Managing & Mentoring In Canada
6th March 2017 Paul Andrews
Mother Parkers is one of the largest coffee and tea suppliers in North America and can trace its roots back to 1912.
With Paul and Michael Higgins at the helm of the family business, they have recently sought to professionalise the organisation by bringing in a President from outside the family.
“We’ve been Co-CEOs since 1992,” says Paul, “and in that time the business has achieved great growth. We’ve also made some significant progress in areas like Research & Development (R&D) and the use of IT. But for the last few years we’ve been thinking very seriously about what the next phase looks like. The next generation isn’t old enough to take over for a while yet, and we really felt we needed an injection of new blood and a different set of professional skills, insights and experience to help us to the next level. So we made the decision to hire a President, Fred Schaeffer, from outside.”
“But we didn’t make a decision like that lightly,” says Michael. “We talked to our advisory board, we talked to the kids, and we talked to other family businesses who’ve done something similar. Because we’d heard some horror stories, where the owners had hired people to come and run the business, but the owners weren’t prepared to let go and it turned into a complete mess. That’s the last thing we wanted, so we talked to other firms about what pitfalls we might encounter, and how the process worked. We quickly came to the conclusion that the best time to do it is when the company is in a strong and steady state, and there’s plenty of time to embed the new person, without the pressure of a looming retirement date.”
Paul & Michael Higgins, Co-CEOs - Mother Parkers
Supporting the next generation is a key part of Fred’s role. “I wanted a mentor for my kids,” says Paul, “to help them get a broader view of the industry and the global market than I can give them. Fred has worked for big consumer brands around the world – that’s going to be invaluable, both as a manager and a mentor.”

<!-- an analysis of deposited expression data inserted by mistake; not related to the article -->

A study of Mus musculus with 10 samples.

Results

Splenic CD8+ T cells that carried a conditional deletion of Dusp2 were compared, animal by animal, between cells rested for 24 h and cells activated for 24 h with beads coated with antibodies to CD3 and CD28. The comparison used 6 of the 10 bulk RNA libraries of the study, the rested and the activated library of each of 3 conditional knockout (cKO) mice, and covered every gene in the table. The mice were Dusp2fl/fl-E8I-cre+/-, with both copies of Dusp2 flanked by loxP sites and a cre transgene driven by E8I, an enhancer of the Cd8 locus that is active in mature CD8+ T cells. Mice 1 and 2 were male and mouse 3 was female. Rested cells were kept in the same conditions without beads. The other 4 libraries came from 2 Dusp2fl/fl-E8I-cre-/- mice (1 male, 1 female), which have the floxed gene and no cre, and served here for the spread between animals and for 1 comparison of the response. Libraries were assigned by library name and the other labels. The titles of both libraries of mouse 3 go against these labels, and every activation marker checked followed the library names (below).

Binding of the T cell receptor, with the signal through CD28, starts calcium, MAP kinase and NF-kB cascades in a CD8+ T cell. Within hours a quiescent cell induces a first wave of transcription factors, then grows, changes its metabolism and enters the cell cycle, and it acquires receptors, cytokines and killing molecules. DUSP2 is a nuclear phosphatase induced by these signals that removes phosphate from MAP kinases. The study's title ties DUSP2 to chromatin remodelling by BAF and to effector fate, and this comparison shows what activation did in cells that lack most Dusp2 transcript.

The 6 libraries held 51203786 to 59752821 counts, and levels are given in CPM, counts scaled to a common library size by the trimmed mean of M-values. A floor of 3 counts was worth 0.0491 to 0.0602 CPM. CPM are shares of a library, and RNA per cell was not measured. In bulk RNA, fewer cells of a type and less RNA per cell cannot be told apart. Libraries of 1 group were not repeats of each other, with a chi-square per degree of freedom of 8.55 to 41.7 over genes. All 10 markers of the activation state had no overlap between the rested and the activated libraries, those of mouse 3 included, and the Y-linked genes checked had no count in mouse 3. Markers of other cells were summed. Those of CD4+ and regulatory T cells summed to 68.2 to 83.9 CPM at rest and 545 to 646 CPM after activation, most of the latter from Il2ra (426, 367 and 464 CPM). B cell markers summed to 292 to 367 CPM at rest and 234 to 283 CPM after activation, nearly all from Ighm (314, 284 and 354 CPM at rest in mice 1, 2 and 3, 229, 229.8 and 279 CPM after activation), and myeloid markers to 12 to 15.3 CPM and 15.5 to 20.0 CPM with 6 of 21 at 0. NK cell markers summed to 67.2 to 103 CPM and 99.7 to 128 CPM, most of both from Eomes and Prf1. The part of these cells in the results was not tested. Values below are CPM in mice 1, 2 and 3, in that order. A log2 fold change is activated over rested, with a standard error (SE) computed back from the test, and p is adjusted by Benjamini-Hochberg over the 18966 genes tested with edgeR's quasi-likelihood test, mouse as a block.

It’s clear that mentoring isn’t just about management skills, either. As Michael says, “We’d love it if the kids were the right people to lead the business forward, but there’s no culture of entitlement here. You have to work as hard as any other employee, and you don’t get any favours just because your name is Higgins. And however things turn out, we want to make sure the next generation will be good owners, even if someone outside the family is CEO. And that’s a tough role – being a good steward. That’s how Paul and I see our role here: we’re stewards of this. We didn’t start it. We didn’t create what our father developed. We were fortunate enough to have the opportunity to take what he did and build on that, so we’d like to instill the same sense of responsibility with the next generation. Their job will be to build it, make it bigger and better, more successful. Having the support of a professional CEO at this stage in their careers is part of that.”
Thus far, at least, the decision seems to have paid off: “We were really impressed at the calibre of applications we received,” says Paul, “and a few months into the role, Fred has impressed just about everyone, both inside and outside. Relationships with customers are particularly important, given how much of our turnover is B2B. These days it’s much more of a partnership than a sales relationship. We don’t just sell product, we sit down and work out what new blends or tastes might be successful, how best to manage the supply chain, how to build in recyclability – key issues like that. And looking ahead even further, the next big thing in our sector might not be a new beverage at all, but a new way of delivering it. We’re already selling to all the most important parts of the market – the Big Box stores, the really large grocery chains, food service, fast food. You name it – we’re there. So, they know us. They trust us. And that means if we can come up with something new that’s really spectacular, the opportunity could be significant.”
About the piece - This feature forms part of the PwC Global Family Business Survey 2016, a piece of research that interviewed over 2,800 representatives around the world. It has been reproduced with permission of PwC. Click here to find out more.